I’ve shared dozens of book lists over the years. This month I’m sharing a collection of my favorite Black children’s book authors. I chose from the classics, but I know there are many newer Black authors that I’ve missed. Please share your favorites in the comments!
Angela Johnson, the author of over 4o books, is a definite favorite. Her first book, Tell Me a Story, Mama, is a wonderful book that can help spark ideas for children’s writing. Another favorite is When I am Old with You, about a little boy and his grandfather. Her books have just the right amount of text … and the stories of loving family members will tug right at your heart.
Faith Ringgold is another favorite African American author and illustrator. Her first book, Tar Beach, won the Caldecott Honor award in 1991. My favorite book of hers is long but beautifully written and illustrated: If a Bus Could Talk: The Story of Rosa Parks.
Jacqueline Woodson often tells about history through her storytelling. This is the Rope tells how Black people came to New York City. Coming on Home Soon takes place in World War II, when little Ada Ruth’s mama must go off to work while Ada Ruth stays with her grandmother. You may have read The Other Side, a wonderful story about two girls who become friends in a segregated South.
My favorite Black children’s author is Jerry Pinkney, who in addition to being a masterful storyteller is an incredible artist. I especially love his retellings of classic stories – like The Three Billy Goats Gruff, The Three Little Kittens, and his nearly wordless book Lion and the Mouse. Your listeners will request them again and again.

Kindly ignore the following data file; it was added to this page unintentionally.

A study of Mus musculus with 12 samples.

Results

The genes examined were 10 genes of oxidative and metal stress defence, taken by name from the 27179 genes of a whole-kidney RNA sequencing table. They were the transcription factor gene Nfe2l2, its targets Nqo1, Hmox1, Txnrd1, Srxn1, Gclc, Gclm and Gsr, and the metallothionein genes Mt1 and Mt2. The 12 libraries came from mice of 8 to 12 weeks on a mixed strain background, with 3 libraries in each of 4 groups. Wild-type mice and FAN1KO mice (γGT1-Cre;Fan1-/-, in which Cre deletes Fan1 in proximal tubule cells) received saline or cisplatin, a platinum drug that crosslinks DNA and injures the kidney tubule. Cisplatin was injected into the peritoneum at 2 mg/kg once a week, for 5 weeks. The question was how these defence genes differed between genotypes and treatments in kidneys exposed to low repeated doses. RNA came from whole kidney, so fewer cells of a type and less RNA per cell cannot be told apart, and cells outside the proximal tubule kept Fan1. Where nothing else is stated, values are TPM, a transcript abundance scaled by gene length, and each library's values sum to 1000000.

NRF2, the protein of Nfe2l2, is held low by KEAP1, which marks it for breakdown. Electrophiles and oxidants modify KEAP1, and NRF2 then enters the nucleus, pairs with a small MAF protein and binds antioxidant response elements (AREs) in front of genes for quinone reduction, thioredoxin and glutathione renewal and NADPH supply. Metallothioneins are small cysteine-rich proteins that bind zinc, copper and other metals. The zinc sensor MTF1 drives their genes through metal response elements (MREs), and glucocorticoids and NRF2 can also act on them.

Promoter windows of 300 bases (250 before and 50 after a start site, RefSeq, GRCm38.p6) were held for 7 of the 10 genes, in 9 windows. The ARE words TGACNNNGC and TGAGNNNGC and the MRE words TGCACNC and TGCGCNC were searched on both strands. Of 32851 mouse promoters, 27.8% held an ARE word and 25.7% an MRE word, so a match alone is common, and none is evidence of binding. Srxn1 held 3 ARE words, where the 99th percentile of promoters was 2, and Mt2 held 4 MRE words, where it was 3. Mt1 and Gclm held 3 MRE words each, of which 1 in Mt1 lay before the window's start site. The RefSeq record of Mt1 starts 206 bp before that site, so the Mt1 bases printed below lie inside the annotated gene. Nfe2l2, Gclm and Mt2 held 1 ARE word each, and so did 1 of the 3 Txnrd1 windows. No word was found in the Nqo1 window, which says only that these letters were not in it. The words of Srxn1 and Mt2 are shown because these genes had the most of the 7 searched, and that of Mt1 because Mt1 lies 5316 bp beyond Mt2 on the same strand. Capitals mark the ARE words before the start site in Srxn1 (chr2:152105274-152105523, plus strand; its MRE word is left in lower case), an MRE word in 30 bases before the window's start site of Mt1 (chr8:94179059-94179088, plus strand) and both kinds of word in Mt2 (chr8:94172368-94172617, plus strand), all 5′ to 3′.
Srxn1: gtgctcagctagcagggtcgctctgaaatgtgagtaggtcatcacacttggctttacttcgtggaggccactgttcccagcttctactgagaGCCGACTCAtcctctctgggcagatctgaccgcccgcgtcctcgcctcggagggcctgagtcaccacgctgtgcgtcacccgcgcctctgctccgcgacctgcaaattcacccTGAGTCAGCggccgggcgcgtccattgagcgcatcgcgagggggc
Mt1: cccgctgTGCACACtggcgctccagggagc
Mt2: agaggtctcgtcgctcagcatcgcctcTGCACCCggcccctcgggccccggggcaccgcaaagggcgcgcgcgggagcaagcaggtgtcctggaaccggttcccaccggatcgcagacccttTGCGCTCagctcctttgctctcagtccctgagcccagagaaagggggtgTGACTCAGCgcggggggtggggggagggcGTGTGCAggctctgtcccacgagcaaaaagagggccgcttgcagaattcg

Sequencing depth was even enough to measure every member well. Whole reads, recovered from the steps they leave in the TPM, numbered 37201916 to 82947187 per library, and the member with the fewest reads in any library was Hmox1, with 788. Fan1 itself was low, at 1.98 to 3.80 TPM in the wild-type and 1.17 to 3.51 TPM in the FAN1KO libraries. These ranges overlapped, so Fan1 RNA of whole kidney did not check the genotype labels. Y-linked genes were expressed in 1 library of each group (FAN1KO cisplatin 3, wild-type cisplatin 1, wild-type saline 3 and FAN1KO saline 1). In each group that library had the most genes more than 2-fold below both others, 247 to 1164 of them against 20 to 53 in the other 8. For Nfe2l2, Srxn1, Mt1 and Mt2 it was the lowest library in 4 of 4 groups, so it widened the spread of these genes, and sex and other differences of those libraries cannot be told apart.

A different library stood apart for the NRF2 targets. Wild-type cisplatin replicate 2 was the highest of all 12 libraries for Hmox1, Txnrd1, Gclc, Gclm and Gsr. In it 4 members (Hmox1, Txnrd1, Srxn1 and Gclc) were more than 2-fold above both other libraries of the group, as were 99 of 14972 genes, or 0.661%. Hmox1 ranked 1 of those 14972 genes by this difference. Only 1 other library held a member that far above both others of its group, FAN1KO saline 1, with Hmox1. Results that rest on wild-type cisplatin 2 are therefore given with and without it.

Patricia C. McKissack
Patricia C. McKissack died a few years ago, having written over 100 books. She wrote mostly nonfiction, focusing on issues of racism and Black history. She also write picture books unrelated to history, such as Flossie & the Fox and my preschooler’s favorite, The Honest to Goodness Truth. If you’d like to check out some of her nonfiction books, try the riveting Amistad: The Story of a Slave Ship.
John Steptoe wrote and illustrated one of my all-time favorite picture books, Mufaro’s Beautiful Daughters. This is an absolutely stunning Cinderella story that has delighted all the children I’ve shared it with. (I should definitely try to find more of Steptoe’s books at the library!)
I’d never forget Donald Crews, an author and illustrator who has written and/or illustrated many classic picture books for young listeners, such as Freight Train, Bigmama’s, and Shortcut. His books are often used as mentor texts in writing workshop.
I’m sure I just scratched the surface! What are your favorite children’s picture books by Black authors? Let us know in the comments!